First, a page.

Crown-of-thorns starfish eating through Great Barrier Reef in major outbreak

The poisonous barbs of a crown-of-thorns feasting on coral in the northern Great Barrier Reef.

The poisonous barbs of a crown-of-thorns feasting on coral in the northern Great Barrier Reef. Photo: UTS

Thousands of crown-of-thorns starfish are understood to be eating their way through coral in a major outbreak at the southern end of the Great Barrier Reef, as authorities consider how to tackle the problem.

The outbreak on the Swain Reefs off Yeppoon was discovered last year, but the area is remote and hostile, hampering efforts to control the spread of the coral-killing marine animal.

The Great Barrier Reef Marine Park Authority (GBRMPA) has confirmed it has been working out how to deal with the outbreak since last year.

The Authority’s director of education, stewardship and partnerships, Fred Nucifora, said monitoring crews went to the area to assess the problem last month.

“They did some pre-emptive culling on the reefs whilst they were there in December and there is another mission and scheduled for January,” Mr Nucifora said.

Images and footage provided by GBRMPA show dozens of starfish covering swathes of the reef.

Dr Hugh Sweatman from the Australian Institute of Marine Sciences would not put a figure on it, but said the number of starfish counted was high.

“Very, very high densities [are] being seen, as high as we’ve seen in the past,” Dr Sweatman said, “and as high as you’d expect to see and there’ll certainly be a lot of coral lost as a result”.

He said the starfish, which also have poisonous barbs that are harmful to humans, engulf the corals to eat them.

“The crown-of-thorns starfish has an extrudable stomach so it lies on top of the coral and it wraps its stomach around the coral,” he said.

“It doesn’t actually break bits off the coral, it just digests the tissue off the of the skeleton … it’s very effective at that.”

The starfish is native to the reef but when numbers explode, the results can be devastating, as thousands of the creatures munch their way through the coral.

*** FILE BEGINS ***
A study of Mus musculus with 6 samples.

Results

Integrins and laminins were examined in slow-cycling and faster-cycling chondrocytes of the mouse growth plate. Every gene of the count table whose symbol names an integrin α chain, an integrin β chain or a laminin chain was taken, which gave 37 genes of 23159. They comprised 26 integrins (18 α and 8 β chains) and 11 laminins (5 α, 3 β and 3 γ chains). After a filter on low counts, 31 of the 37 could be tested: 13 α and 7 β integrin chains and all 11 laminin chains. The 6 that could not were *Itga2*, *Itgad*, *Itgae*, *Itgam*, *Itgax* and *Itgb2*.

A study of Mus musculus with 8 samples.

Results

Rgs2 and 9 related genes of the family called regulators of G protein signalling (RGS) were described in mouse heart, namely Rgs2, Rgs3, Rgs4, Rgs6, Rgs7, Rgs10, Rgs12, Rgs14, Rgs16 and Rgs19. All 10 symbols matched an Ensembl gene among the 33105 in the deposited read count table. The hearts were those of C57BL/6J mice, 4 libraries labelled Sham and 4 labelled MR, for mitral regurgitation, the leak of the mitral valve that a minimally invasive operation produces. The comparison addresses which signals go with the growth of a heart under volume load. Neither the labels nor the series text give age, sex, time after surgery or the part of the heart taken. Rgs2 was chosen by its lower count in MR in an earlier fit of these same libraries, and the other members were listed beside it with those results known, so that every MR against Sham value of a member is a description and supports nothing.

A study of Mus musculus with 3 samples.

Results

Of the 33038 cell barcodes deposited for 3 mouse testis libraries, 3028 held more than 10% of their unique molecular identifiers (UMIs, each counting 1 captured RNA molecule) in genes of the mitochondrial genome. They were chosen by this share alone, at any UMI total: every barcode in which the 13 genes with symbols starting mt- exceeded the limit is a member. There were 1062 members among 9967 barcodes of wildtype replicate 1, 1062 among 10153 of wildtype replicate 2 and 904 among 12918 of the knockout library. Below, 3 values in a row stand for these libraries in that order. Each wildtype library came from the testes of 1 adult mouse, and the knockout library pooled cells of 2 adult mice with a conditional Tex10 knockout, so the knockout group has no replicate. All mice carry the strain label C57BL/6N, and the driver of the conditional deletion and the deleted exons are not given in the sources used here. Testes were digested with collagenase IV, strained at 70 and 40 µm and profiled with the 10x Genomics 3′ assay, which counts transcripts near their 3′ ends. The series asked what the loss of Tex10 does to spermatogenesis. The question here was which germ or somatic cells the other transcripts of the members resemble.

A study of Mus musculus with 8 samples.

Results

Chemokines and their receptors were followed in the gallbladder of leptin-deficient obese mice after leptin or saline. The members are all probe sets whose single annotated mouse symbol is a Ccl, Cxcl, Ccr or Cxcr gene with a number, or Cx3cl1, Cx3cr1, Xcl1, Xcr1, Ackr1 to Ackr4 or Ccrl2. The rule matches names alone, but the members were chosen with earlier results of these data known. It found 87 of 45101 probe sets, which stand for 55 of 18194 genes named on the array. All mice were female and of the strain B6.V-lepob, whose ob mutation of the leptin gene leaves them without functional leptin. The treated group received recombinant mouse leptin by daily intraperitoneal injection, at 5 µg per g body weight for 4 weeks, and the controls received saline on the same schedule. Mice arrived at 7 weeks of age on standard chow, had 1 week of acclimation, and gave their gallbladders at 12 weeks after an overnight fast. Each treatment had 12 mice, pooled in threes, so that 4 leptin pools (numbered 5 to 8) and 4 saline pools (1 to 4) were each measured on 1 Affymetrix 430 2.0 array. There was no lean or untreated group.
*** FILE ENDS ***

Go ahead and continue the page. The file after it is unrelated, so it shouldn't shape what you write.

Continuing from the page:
“Each starfish eats about its body diameter a night and so over time that mounts up very significantly,” Dr Sweatman said.

Great Barrier Reef

The cause of the outbreak has marine scientists stumped. Photo: Great Barrier Reef Marine Park Authority

Some ‘control’ or culling efforts underway

Dr Sweatman said the reef could recover but a major culling operation would be needed to give the area the best chance.

The Federal Government and the Association of Marine Park Tourism Operators, runs “control” or culling operations and the Government is seeking tender applications for a third boat dedicated to culling the starfish.

Mr Nucifora said the “control” measures have been focused on specific areas.

“Particularly in the far northern, northern and central sections of the Marine Park, at this point in time, and those reefs that have been identified as high tourism and high ecological value have been primary targets to this point,” he said.

Because the Swain Reefs are so far offshore and are not in the areas identified as priorities for controlling crown-of-thorns outbreaks it is unclear how the major culling program needed would be funded and resourced.

“The complexity with the Swain Reefs location is that they are 100 kilometres to 250 kilometres off the coast between Gladstone and Rockhampton and so they are logistically difficult to access and it’s actually quite a hostile environment to work in,” Mr Nucifora said.

Location of the outbreak puzzling but provides hope

The cause of the outbreak has scientists and the Marine Park Authority stumped.

“That’s the million dollar question to be perfectly honest,” Mr Nucifora said.

Typically scientists link outbreaks of the crown-of-thorns starfish to spikes in ocean nutrients caused by coastal and agricultural run-off into the ocean.

For that reason outbreaks are usually further north and closer to the coast, but the Swain Reefs are a long way offshore and on the southern end of the reef, so it is not known what caused the outbreak.

Mr Nucifora said there were some scientific theories.

“It may be caused by nutrient up-welling from deep ocean waters, but that’s still yet to be fully proven,” he said.

The Swains Reefs, he said, had been hit by a crown-of-thorns outbreak in the 1990s but had managed to recover.

He was hopeful the area could survive again, because of its isolated location at the southern end of the reef system.

“The good thing with respect to that also is that those reefs in the far southern section of the marine park have escaped the significant pressures that have resulted in the last two years from the mass bleaching events,” Mr Nucifora said.

The type of coral present, he said, also gave it a good chance.

“The coral species that that are primarily present in that area are the faster growing our staghorn and plate corals,” he said.